Hospitals across the country are hosting "honor walks" to recognize dying patients whose organs will be donated to save other lives—a ritual that recently was adapted for an episode of "Grey's Anatomy," Tim Lahey, an infectious disease specialist and director of clinical ethics at the University of Vermont Medical Center, writes for the New York Times' "Well."
The ritual is held with the consent of the patient's loved ones as the patient is wheeled from their hospital room to the OR, where the organ donation process will take place.
Lahey describes a recent honor walk at University of Vermont Medical Center. The hallway from the intensive care unit to the OR was "crowded with dozens of hospital employees" who'd come to honor the patient on the bed, as well as her parents, who were walking behind her. "There were white coats and ties, crumpled blue scrubs … expensive pinstripe suits," and "[a] priest who wore a neon pink Hawaiian shirt over his clerical collar," he writes.
While "[m]ost beds roll out of the ICU briskly, en route to radiology or an operating room, whirring with the beeps and blinks of monitors and the quick conversation of busy nurses," Lahey writes that this bed "moved at a stately pace." There was no "chitchat" amongst the nurses.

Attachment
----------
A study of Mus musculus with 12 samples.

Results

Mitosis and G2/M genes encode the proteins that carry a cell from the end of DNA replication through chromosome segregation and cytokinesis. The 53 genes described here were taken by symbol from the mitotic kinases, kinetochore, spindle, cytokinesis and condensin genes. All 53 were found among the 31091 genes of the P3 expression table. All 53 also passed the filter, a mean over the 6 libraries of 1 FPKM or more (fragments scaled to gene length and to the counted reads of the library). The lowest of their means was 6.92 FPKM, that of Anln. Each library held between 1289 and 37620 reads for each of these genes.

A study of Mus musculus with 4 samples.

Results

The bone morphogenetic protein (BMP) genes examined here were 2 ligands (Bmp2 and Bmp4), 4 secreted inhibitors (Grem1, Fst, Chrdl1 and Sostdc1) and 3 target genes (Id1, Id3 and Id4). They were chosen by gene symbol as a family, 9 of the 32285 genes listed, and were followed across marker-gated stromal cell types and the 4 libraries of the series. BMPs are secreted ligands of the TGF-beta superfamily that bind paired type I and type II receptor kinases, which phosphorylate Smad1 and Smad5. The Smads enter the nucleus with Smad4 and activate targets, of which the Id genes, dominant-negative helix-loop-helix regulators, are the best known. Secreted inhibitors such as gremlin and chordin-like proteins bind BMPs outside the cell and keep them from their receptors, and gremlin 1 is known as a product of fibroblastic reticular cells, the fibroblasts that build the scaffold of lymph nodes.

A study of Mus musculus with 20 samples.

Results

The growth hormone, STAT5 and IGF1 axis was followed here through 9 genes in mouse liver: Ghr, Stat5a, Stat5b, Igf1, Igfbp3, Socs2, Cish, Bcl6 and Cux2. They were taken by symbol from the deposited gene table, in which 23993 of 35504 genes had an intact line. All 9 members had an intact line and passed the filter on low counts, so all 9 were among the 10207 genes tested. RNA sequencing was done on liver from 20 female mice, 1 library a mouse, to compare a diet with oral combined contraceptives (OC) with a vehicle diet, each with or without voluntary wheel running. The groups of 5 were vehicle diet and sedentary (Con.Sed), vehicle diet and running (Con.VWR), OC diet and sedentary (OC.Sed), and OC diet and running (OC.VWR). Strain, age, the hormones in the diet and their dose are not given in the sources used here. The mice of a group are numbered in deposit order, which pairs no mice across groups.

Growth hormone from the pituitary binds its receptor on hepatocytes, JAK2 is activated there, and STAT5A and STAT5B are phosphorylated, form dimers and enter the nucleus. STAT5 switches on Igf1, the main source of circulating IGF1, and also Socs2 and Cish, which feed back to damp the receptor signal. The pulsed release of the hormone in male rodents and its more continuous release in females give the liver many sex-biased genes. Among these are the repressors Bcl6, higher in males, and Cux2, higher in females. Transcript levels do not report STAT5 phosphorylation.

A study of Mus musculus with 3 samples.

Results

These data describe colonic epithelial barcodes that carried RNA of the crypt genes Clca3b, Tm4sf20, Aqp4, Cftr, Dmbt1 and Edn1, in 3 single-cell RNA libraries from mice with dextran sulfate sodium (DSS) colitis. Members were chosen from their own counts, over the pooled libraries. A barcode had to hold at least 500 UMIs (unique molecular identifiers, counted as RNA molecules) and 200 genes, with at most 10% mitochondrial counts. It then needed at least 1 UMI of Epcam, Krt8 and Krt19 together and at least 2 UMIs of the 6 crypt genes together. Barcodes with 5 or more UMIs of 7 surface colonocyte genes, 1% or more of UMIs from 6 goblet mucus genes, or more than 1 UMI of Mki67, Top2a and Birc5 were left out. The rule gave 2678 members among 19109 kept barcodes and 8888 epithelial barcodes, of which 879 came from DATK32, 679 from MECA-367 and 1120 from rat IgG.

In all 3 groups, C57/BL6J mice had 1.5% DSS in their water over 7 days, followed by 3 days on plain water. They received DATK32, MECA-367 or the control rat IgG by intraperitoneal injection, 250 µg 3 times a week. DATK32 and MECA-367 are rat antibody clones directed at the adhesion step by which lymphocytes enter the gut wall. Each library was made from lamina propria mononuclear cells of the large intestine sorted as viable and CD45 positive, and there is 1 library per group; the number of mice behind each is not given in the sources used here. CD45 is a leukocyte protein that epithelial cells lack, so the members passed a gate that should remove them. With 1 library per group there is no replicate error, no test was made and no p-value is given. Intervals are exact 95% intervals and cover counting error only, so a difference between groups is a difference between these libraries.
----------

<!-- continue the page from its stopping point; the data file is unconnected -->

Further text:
"An honor walk is a powerful act of community," Lahey writes. "Something solemn, even sacred, happens in those 15 minutes in the hallway. We wait and talk with people from all professions and all walks of life. Together, we honor a great sacrifice. We give thanks. We hope to help a grieving family in a moment of fathomless loss."
Vermont University Medical Center got the idea for honor walks from Jennifer DeMaroney, an organ donation coordinator, who saw a photograph of another hospital performing the ritual. When DeMaroney asked Eileen Whalen, president of the hospital, if the hospital staff could start doing the same thing, Whalen approved it "on the spot," Lahey writes.
Missy Holliday—organ operations director at LifeCenter in Cincinnati, which staged an honor walk that went viral on social media—said LifeCenter began the ritual in December 2017, in part to help ICU nurses who were seeking a way to honor patients who'd donated after death.
The ritual has since even entered into popular culture: It was portrayed in a recent Grey's Anatomy episode for "a powerful scene involving a victim of sexual assault," Lahey writes.
For Whalen, approving the ritual was an easy decision, as it sends a powerful message to families at a difficult moment. It conveys, as Lahey writes, how "one family's devastating loss" will turn "into new hope for numberless strangers" (Lahey, "Well," New York Times,4/2).
When it comes to end-of-life care, most organizations struggle to meet patients' needs. In a recent poll, 87% of Americans age 65 and older said that they believe their doctor should discuss end-of-life issues with their patients; however, only 27% of those polled had actually discussed these issues with their doctor.